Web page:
Did John Wesley believe in something like purgatory? Something in a letter he wrote in 1770 to an unidentified recipient has me wondering.
The letter appears to be to a Methodist who has flagged in his faith. In the letter, he describes to the man the two ranks of Christians.
I have frequently observed that there are two very different ranks of Christians, both of whom may be in the favour of God, — a higher and a lower rank.
This statement is similar one in his 1787 sermon “The More Excellent Way,” which also describes a higher and lower path that a Christian may walk. It is worth noting, though, that even the lower path is much higher than many people in our churches today even long to journey. Here is how Wesley describes the two paths in his letter.
The [lower rank] avoid all known sin, do much good, use all the means of grace, but have little of the life of God in their souls, and are much conformed to the world. The [higher rank] make the Bible their whole rule, and their soul aim is the will and image of God. This they steadily and uniformly pursue, through honour and dishonour, denying themselves, and taking up their cross daily; considering one point only, “How may I attain most the mind that was in Christ, and how may I please him most?”
Here Wesley clearly sees a distinction, but let us not ignore the standard by which he marks a “lower rank” Christian. Such Christians avoid “all known sin,” they do good, and use “all the means of grace.”
How many Christians in your congregation would fit this description? I would wager (were it not a sin) that Christians of this rank are considered prodigies of faith by many pastors and laity. Here comes a man or woman who does nothing intentionally that is a sin. What is more, they do seek opportunities to do good works. And on top of this, they pray daily, study Scripture daily, attend worship at every opportunity, fast, and meet in small groups with other Christians regularly.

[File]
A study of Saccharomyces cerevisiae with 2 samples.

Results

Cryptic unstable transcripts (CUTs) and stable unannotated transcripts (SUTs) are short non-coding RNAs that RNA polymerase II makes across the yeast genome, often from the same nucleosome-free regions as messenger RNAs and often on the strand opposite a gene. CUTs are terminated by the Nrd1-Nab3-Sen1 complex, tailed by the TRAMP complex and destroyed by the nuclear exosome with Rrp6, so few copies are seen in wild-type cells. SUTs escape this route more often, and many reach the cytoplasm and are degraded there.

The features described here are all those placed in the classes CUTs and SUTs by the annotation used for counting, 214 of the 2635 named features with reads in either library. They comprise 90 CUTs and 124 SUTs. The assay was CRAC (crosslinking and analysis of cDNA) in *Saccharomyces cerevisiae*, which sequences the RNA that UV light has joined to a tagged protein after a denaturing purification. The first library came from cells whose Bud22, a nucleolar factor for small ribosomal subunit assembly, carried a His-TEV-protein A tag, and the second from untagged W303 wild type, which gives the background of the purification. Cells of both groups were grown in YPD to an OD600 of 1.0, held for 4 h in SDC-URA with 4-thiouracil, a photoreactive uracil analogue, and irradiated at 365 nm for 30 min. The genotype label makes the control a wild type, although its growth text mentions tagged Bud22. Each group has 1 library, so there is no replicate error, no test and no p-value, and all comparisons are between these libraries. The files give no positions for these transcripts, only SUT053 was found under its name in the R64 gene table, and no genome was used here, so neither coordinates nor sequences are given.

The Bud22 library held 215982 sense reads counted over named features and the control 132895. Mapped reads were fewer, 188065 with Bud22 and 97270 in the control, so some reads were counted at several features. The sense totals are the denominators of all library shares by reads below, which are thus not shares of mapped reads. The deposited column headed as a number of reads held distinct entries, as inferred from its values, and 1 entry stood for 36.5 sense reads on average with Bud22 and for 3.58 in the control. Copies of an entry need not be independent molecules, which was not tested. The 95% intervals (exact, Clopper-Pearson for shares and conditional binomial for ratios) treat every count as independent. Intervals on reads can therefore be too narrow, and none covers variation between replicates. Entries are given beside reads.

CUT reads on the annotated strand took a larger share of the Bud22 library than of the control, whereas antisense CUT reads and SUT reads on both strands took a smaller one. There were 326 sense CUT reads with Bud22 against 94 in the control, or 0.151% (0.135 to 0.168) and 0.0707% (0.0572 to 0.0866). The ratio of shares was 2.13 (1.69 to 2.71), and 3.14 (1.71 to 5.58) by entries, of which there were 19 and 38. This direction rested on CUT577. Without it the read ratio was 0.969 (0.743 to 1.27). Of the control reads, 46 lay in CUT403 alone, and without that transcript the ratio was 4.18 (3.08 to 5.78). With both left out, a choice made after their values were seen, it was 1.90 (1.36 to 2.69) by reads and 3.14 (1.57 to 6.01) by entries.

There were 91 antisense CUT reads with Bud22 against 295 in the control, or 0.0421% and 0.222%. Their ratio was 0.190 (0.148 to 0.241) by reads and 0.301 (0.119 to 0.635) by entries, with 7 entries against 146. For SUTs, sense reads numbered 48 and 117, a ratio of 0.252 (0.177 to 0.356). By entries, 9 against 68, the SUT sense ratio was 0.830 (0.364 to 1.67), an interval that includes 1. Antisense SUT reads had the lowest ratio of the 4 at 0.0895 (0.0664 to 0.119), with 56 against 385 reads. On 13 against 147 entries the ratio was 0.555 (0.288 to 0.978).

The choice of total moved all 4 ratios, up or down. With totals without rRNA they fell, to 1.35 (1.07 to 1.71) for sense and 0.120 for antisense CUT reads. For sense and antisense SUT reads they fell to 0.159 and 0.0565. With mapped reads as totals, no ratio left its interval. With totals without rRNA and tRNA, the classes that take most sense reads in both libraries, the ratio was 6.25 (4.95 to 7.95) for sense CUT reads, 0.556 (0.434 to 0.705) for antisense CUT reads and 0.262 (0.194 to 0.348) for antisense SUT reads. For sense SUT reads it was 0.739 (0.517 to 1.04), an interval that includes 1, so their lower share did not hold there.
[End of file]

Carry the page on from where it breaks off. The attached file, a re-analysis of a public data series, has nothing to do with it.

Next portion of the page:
Are these not the “best” members of nearly every congregation we have? And yet are not many of them, as Wesley describes it, much conformed to the world and often running on will power rather than the life and joy of God gurgling up in their souls?
In in the face of their fatigue we often hold out no vision for them that there is anything more possible in Christianity. Perhaps out of fear of sounding like John Wesley, we do not suggest that such folks are standing on the lower rung of their faith and need to call out for God to raise them to another, higher place.
Of course, the great mass of those who go by the name of Christians do not make it even over Wesley’s lower bar. They have not the faith that breaks the power of sin, and so they sin on and on. They can be sometimes beaten or guilted into good works, but they do not do them with the joy that comes from knowing themselves to be pardoned sinners. They make jokes about not reading their Bibles and approach worship like theater critics who do not expect to find God at worship, but will stay if the show is entertaining and the sermon engaging enough.
But the recipients of this letter have retained hold of the lower rank of Christianity in Wesley estimation. He calls them to the higher rank, however, with the language that got me wondering about purgatory.
I am afraid of your sinking beneath your calling, degenerating into a common Christian, who shall indeed be saved, but saved as by fire.
What does he mean by that phrase “as by fire.” Is he suggesting that there is some testing or purging of souls of the departed lower rank Christians? Or is he here speaking more mundanely of the difficulty of being a Christian of the lower rank without the power of God in your life to sustain you in the face of the world’s trials and troubles?
This entire doctrine of “two ranks” of Christian has no warrant that I know of in Scripture and appears to grow out of Wesley’s experiences. In the end, these issues are not doctrinally binding in any sense on United Methodists as they are not raised in Wesley standard sermons or — so far as I know — in his Notes on the New Testament. But I am still intrigued by what he meant and what he thought about these issues.